HTTP Basic Authentication requires that the server request a user name and password from the web client and verify that the user name and password are valid by comparing them against a database of authorized users. When basic authentication is declared, the following actions occur:
A client requests access to a protected resource.
The web server returns a dialog box that requests the user name and password.
The client submits the user name and password to the server.
The server authenticates the user in the specified realm and, if successful, returns the requested resource.
Figure 30–2 shows what happens when you specify HTTP basic authentication.
The following example shows how to specify basic authentication in your deployment descriptor:
<login-config> <auth-method>BASIC</auth-method> </login-config>
HTTP basic authentication is not a secure authentication mechanism. Basic authentication sends user names and passwords over the Internet as text that is Base64 encoded, and the target server is not authenticated. This form of authentication can expose user names and passwords. If someone can intercept the transmission, the user name and password information can easily be decoded. However, when a secure transport mechanism, such as SSL, or security at the network level, such as the IPSEC protocol or VPN strategies, is used in conjunction with basic authentication, some of these concerns can be alleviated.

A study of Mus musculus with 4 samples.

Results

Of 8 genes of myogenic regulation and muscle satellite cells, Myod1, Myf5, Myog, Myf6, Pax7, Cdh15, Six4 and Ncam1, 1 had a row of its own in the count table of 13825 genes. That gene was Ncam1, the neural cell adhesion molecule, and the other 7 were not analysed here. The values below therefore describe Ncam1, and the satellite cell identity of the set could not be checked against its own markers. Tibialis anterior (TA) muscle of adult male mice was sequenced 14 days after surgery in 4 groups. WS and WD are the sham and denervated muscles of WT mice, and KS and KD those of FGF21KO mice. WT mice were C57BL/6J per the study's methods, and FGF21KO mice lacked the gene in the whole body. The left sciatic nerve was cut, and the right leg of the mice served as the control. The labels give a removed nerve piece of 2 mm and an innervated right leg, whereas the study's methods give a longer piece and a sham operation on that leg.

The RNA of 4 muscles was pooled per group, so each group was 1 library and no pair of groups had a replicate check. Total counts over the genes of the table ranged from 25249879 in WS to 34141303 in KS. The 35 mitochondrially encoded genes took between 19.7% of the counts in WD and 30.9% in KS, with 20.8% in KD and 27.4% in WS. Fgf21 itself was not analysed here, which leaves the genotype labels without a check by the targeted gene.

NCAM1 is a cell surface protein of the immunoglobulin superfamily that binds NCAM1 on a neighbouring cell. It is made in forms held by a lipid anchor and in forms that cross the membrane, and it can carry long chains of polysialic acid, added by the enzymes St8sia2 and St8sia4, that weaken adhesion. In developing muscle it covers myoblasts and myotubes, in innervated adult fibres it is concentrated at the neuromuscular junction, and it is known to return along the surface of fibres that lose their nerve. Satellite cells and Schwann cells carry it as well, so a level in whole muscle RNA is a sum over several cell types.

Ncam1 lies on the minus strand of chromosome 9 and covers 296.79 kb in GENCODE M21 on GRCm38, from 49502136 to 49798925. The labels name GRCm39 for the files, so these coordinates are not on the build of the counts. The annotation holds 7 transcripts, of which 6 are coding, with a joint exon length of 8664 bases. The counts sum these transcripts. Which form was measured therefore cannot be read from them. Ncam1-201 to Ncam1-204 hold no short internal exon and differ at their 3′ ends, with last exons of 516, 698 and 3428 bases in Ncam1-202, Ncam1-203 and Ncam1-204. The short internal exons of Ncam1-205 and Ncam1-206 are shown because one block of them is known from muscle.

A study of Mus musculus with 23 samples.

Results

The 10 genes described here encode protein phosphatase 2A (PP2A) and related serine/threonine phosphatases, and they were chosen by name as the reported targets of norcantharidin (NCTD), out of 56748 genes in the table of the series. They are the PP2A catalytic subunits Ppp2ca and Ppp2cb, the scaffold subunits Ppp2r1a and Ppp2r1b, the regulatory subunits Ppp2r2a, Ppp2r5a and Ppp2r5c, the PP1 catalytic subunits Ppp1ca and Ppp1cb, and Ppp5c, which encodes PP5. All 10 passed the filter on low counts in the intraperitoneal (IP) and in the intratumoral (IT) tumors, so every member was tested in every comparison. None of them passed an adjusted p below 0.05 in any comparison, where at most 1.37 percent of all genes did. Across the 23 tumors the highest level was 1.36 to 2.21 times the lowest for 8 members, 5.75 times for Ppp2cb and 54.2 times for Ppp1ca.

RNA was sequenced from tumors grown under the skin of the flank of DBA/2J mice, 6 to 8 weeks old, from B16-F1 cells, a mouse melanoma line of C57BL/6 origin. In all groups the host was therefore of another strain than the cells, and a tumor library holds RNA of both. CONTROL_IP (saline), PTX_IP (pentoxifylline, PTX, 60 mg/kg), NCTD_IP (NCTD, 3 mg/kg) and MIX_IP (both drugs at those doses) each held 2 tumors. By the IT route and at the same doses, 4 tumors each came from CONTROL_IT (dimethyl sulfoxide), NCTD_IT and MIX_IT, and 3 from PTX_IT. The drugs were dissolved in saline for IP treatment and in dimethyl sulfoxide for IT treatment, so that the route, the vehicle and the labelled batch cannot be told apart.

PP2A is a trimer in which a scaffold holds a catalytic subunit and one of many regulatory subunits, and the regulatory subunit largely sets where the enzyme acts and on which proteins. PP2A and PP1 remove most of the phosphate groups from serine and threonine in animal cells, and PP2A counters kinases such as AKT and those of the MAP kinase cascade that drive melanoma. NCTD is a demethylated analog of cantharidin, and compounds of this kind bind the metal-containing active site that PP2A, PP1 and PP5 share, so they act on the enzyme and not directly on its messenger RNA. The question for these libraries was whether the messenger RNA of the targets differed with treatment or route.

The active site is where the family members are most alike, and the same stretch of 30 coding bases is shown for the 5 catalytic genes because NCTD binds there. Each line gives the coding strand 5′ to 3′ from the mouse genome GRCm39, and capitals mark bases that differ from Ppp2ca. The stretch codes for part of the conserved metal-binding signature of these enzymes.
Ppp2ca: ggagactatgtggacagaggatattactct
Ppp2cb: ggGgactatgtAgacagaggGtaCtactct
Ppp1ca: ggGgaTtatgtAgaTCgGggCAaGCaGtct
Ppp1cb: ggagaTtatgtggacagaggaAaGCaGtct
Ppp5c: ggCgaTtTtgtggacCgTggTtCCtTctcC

Example: Basic Authentication with JAX-WS is an example application that uses HTTP basic authentication in a JAX-WS service. Example: Using Form-Based Authentication with a JSP Page can be easily modified to demonstrate basic authentication. To do so, replace the text between the <login-config> elements with those shown in this section.